How Shellie Zimmerman And Her Doubts Are Disrespecting The Martin Family

October 1, 2013  |  

Well I see Shellie Zimmerman has been in the news, again.

From the article on the Today show’s website entitled, “George Zimmerman’s wife: ‘I have doubts but I also believe the evidence:”

In the midst of divorce proceedings against husband George Zimmerman, Shellie Zimmerman said she has doubts about what really happened in the shooting death of Florida teen Trayvon Martin last year, she told Matt Lauer in an exclusive interview. 

“I’m conflicted on that,” Shellie told Lauer on TODAY Thursday. “I believe the evidence, but this revelation in my life has really helped me take the blinders off and start to see things differently.”

Lauer pressed further, asking, “So you now doubt his innocence, at least the fact that he was acting in self-defense on the night that Trayvon Martin was killed?”

“I think anyone would doubt that innocence because I don’t know the person that I’ve been married to,” Shellie responded. “I have doubts, but I also believe the evidence.”

Despite these doubts, Shellie vehemently denies that George profiled the teen.

“He did not profile Trayvon Martin,” she said.”

Well that’s good to know Shellie Zimmerman. Unfortunately, I don’t really care.

In fact, the entire non-stop Zimmerman-watch is pretty unbearable at this point. First it was the traffic stop in which a gun was found. Than there was a second traffic stop for speeding. Then there was the story about how George saved a family from a overturned vehicle on the highway. And then another traffic stop over some tinted windows.  And now, comes the Shellie and George Zimmerman divorce saga. That story has been so sordid, you can almost hear Nancy Grace salivating over catchy yet inappropriate show titles and snappy one liners…

Yet I’m not entertained by this at all. I tried before to bite my tongue after her first appearance on television, when she told ABC News of her intentions to divorce her husband. Many folks I know have rightly pointed out that Shellie may very well be a victim too of George’s manipulation and as such, is deserving of sympathy. I am empathic with her domestic situation. I was disturbed by her 911 call, particularly the portion where she tells the operator: “I don’t know what he’s capable of. I’m really, really scared.” I felt for her and her family upon reading the reports that George assaulted her father; broke her iPad and allegedly waved a gun around. I also think that it is messed up that she has been unable to track him down to serve divorce papers.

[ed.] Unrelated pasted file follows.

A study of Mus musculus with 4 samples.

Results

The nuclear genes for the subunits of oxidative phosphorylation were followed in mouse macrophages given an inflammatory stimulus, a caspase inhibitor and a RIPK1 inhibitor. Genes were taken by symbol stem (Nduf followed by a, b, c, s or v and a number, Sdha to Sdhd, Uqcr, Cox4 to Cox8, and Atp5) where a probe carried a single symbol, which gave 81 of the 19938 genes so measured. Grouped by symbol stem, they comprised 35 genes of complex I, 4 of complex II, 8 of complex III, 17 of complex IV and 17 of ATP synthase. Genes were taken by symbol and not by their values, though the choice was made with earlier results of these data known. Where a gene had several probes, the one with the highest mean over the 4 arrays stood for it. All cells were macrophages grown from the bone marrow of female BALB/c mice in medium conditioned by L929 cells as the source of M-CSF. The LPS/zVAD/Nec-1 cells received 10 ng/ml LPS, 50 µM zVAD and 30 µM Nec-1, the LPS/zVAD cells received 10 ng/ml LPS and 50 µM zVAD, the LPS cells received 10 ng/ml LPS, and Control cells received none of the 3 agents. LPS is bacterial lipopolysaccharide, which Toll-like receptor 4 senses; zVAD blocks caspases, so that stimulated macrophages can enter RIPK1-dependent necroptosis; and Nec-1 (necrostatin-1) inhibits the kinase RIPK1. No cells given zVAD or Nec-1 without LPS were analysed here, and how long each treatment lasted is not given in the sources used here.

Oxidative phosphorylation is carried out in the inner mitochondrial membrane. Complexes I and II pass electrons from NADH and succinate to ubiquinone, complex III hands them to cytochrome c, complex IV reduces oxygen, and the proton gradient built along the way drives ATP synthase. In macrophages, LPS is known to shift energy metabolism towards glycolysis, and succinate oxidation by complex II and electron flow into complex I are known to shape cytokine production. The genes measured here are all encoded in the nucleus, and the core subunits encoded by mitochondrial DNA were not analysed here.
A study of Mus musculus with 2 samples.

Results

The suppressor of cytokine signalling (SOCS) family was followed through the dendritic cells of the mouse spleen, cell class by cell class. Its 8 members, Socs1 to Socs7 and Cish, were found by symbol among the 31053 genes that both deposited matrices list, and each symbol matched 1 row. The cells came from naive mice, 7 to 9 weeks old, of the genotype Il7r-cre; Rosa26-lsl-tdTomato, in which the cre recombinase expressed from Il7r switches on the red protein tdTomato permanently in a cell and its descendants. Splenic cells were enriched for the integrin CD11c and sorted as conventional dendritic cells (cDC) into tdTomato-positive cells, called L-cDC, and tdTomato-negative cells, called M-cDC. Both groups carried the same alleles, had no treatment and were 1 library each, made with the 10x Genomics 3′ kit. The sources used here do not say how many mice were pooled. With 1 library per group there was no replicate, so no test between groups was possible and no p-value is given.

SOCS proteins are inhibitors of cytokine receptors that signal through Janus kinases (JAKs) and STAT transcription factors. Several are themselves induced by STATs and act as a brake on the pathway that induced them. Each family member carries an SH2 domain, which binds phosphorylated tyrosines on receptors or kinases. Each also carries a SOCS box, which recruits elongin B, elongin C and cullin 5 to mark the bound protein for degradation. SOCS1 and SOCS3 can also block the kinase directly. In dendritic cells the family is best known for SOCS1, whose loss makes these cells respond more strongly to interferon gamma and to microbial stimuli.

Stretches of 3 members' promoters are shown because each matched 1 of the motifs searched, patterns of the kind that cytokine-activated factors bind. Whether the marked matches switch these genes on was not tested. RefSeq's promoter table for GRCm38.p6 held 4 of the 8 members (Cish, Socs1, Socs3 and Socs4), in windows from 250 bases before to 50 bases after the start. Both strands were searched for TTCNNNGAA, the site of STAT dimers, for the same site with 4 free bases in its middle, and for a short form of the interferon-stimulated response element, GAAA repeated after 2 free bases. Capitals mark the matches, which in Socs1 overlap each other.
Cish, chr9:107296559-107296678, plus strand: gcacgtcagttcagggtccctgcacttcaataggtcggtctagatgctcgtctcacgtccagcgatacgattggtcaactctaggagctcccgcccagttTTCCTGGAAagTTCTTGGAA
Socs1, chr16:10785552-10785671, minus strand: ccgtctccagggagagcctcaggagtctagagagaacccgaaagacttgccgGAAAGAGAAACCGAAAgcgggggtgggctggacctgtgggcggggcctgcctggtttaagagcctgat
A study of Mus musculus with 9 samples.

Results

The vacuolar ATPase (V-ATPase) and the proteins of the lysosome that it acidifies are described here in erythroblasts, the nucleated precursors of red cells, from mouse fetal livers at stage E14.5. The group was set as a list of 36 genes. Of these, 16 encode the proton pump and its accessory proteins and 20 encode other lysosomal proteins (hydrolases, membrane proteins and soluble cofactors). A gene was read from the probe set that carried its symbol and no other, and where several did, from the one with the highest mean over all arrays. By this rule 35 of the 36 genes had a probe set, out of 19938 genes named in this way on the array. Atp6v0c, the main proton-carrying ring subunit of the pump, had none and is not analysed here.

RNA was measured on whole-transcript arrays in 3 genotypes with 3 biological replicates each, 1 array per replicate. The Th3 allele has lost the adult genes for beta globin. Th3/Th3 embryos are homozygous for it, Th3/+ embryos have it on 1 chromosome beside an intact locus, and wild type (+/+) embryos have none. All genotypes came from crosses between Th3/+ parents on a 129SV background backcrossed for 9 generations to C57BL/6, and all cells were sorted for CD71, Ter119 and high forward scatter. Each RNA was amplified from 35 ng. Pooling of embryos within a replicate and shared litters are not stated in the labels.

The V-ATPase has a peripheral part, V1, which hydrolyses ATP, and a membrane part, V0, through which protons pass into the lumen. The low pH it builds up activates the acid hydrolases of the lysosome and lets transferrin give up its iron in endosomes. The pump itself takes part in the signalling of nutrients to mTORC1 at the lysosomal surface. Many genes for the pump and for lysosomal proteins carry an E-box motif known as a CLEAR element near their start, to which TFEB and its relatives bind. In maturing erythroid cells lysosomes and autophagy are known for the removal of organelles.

In many respects I do not envy the position she finds herself in, particularly being tied to a man involved in a crime, which has polarized a nation. With that said, I just don’t understand how any of the recent developments are relevant to the Martin’s case for justice.

Matter of fact, even her doubts of his innocence, particularly what he was capable of, are immaterial. The time to express that was when it mattered – and that was before and during the trial. Or when poor Georgie might have asked you to perjure yourself before the court to protect the more than $130,000 in cash holdings you guys had acquired thanks to donations from the defense fund her husband set up on the Internet. I think to expose all of her reservations and his ill-doings now, particularly for the various news network, just sounds like bitter grapes.

I mean if she was really interested in clearing her conscious or speaking about her reservations, perhaps a private corespondent to the family of Trayvon Martin might have been appropriate? Heck, isn’t there still an investigation underway by the United States Justice Department about whether or not to file federal civil right violation charges against Zimmerman? Perhaps they would be interested in hearing Shellie’s doubts in more explicit details? Come to think of it: the federal investigation into the Martin case has not been really mentioned in the saga at all – other than just background information as to remind us of why the Zimmerman’s domestic troubles are supposedly of our continued interest.

I think that if we found a way to trivialize the Martin case, it is definitely the Zimmerman watch. And as much as like the idea of having Zimmerman’s privacy violated, in theory, I just don’t think it is beneficial or fair to put Martin’s family – as well as those, who are concerned about justice – through this continued agony of having to see these two in particular play out relationship drama on television like a bad reality show.